The movie Zeitgeist came up in a discussion I was having with a friend today. If you haven’t heard of Zeitgeist, it’s a movie that has been floating around for a couple years “about alleged “social myths,” including religion, 9/11 and the banking system.” (from Wikipedia)
I told him I would forward him the link but now that I get home I feel almost irresponsible doing it. When I forward something I’m saying “I like this” or “I believe in this.” But that isn’t the case here. I think the movie is interesting, but I have doubts about some of it and don’t think it should be viewed without a critical eye. If my friend came back saying “Thank you for showing that to me it really opened my eyes.” I would feel like I misled him.
I tried to forward it with links to a couple sites that attempt to debunk it. But many of those seemed to have their own agendas and again, I couldn’t find the right ones to give a good balanced background.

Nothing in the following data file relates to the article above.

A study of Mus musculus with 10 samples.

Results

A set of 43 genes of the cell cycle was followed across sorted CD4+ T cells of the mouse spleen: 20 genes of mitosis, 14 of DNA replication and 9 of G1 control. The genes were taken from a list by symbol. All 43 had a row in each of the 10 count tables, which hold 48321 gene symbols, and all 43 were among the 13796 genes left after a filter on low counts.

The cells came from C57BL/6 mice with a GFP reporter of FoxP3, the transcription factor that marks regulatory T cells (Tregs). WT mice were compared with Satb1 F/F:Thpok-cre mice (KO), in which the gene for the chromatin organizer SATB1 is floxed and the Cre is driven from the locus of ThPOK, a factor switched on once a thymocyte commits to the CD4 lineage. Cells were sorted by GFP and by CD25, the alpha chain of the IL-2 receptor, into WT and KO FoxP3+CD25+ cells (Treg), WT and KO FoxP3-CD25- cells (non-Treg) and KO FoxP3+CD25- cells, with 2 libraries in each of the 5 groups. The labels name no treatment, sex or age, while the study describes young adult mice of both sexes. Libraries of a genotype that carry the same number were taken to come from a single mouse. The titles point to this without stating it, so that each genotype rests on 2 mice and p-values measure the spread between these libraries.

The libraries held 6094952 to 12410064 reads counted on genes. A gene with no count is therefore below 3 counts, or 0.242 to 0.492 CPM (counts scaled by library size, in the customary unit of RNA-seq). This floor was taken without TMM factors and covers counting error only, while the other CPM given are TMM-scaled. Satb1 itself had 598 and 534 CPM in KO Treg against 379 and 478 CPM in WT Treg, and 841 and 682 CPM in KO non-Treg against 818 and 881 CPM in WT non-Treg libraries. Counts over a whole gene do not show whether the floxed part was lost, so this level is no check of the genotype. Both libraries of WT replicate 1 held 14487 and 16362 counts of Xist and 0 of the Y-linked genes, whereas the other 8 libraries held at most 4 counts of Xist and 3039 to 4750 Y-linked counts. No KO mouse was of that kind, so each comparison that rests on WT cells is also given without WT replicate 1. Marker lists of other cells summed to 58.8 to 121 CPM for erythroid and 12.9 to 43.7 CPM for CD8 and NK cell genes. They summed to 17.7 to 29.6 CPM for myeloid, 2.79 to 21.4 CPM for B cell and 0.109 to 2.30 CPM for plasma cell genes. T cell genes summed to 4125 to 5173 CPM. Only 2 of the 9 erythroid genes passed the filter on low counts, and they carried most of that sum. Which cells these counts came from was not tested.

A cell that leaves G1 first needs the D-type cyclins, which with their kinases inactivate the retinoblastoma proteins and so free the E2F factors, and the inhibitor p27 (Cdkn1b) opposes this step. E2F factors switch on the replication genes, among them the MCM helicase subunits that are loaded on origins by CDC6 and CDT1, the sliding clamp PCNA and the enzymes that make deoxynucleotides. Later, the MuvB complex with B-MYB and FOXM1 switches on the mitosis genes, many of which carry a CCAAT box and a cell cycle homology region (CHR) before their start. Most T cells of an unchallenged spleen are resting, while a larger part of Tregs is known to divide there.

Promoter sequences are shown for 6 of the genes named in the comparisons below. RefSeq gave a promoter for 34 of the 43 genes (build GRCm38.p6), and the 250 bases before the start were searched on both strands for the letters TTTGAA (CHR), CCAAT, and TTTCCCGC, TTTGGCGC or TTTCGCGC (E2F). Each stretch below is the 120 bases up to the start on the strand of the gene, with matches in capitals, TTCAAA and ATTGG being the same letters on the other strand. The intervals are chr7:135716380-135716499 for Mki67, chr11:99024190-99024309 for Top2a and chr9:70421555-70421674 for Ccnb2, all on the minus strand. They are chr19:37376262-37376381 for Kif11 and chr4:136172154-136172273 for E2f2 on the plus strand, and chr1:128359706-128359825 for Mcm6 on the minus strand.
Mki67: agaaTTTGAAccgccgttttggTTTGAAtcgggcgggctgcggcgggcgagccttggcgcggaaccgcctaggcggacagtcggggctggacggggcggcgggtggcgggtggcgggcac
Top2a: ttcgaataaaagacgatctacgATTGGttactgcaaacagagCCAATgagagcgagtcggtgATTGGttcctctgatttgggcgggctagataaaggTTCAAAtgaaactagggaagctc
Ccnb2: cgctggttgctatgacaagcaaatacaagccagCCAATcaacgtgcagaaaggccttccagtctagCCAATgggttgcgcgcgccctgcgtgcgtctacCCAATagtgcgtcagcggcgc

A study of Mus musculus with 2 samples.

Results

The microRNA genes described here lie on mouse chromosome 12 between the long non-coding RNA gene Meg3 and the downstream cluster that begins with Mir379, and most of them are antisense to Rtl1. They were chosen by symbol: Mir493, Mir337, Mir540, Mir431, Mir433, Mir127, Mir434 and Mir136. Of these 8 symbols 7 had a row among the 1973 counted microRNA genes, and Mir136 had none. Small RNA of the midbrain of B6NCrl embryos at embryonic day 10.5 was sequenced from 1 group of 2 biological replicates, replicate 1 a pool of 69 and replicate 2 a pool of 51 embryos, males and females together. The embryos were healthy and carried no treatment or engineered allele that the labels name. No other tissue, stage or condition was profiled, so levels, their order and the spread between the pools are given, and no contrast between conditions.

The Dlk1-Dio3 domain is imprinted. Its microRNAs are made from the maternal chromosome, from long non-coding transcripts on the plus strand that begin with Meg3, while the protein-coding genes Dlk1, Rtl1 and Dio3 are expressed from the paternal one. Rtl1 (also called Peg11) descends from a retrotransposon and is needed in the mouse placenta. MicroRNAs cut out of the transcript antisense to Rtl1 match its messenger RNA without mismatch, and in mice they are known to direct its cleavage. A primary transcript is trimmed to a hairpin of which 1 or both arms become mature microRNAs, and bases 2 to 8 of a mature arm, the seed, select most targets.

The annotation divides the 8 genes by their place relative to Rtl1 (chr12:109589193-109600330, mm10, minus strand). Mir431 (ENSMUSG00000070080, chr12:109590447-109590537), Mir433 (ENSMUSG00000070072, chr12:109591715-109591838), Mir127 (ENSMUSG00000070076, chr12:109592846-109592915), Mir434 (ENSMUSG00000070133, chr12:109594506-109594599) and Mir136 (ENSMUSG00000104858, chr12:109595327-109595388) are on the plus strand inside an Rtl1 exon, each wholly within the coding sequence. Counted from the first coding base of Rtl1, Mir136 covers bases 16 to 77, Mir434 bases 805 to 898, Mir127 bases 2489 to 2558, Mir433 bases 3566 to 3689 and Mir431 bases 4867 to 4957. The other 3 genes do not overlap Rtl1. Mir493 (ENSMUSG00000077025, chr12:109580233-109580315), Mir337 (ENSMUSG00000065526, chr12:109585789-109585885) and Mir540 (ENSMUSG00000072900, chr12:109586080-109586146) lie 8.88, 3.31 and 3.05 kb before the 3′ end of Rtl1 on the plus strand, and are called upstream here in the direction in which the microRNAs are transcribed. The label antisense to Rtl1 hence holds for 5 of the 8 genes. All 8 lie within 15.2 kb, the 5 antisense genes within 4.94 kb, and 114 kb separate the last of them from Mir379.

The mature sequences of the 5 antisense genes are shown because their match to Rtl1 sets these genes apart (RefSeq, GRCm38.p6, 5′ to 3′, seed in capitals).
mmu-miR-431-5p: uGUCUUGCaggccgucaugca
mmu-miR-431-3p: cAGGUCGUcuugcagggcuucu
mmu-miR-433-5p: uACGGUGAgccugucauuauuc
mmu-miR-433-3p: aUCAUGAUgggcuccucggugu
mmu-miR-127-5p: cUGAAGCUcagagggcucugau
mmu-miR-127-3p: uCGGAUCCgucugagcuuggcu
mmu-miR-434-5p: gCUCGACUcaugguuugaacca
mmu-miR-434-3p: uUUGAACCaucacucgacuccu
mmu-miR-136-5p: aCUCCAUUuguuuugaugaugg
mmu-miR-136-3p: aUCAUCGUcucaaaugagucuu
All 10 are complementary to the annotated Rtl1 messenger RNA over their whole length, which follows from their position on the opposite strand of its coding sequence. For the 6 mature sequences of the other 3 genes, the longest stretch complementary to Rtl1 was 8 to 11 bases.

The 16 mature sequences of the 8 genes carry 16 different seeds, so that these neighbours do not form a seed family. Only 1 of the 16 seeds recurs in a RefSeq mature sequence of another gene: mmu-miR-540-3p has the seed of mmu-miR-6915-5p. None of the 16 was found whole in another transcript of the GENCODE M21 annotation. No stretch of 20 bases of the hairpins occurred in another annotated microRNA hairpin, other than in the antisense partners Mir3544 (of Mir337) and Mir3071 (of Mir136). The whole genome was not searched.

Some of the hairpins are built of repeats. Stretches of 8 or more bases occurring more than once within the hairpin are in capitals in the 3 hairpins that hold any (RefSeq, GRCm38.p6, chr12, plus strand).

I’ve been thinking about how we ingest information and what questions we ask. We all try to check the validity against our intuition.
Why forward it at all you might ask? Well he had a talk with someone recently about the 9/11 attacks and had been considering if the government may have been involved. Zeitgeist has a whole section on this. I think this is a useful documentary because it is powerful and seems convincing on it’s own. But if you are questioning and researching, you see the holes. The process of finding the holes in these claims, might help him see the holes in what he was told.
And that is something I am looking forward to people doing more of. Questioning what we hear, and talking about those questions. I think people are going to be doing that more with more information available on the web.
In the end, I’ll send it to him. With a warning that he should be looking deep for holes. I’ll send a couple links along of sites with alternate opinions. Quote 2 or so specific points so he can see a counter with good evidence. Hoping to open up a new fold in the movie while he watches it.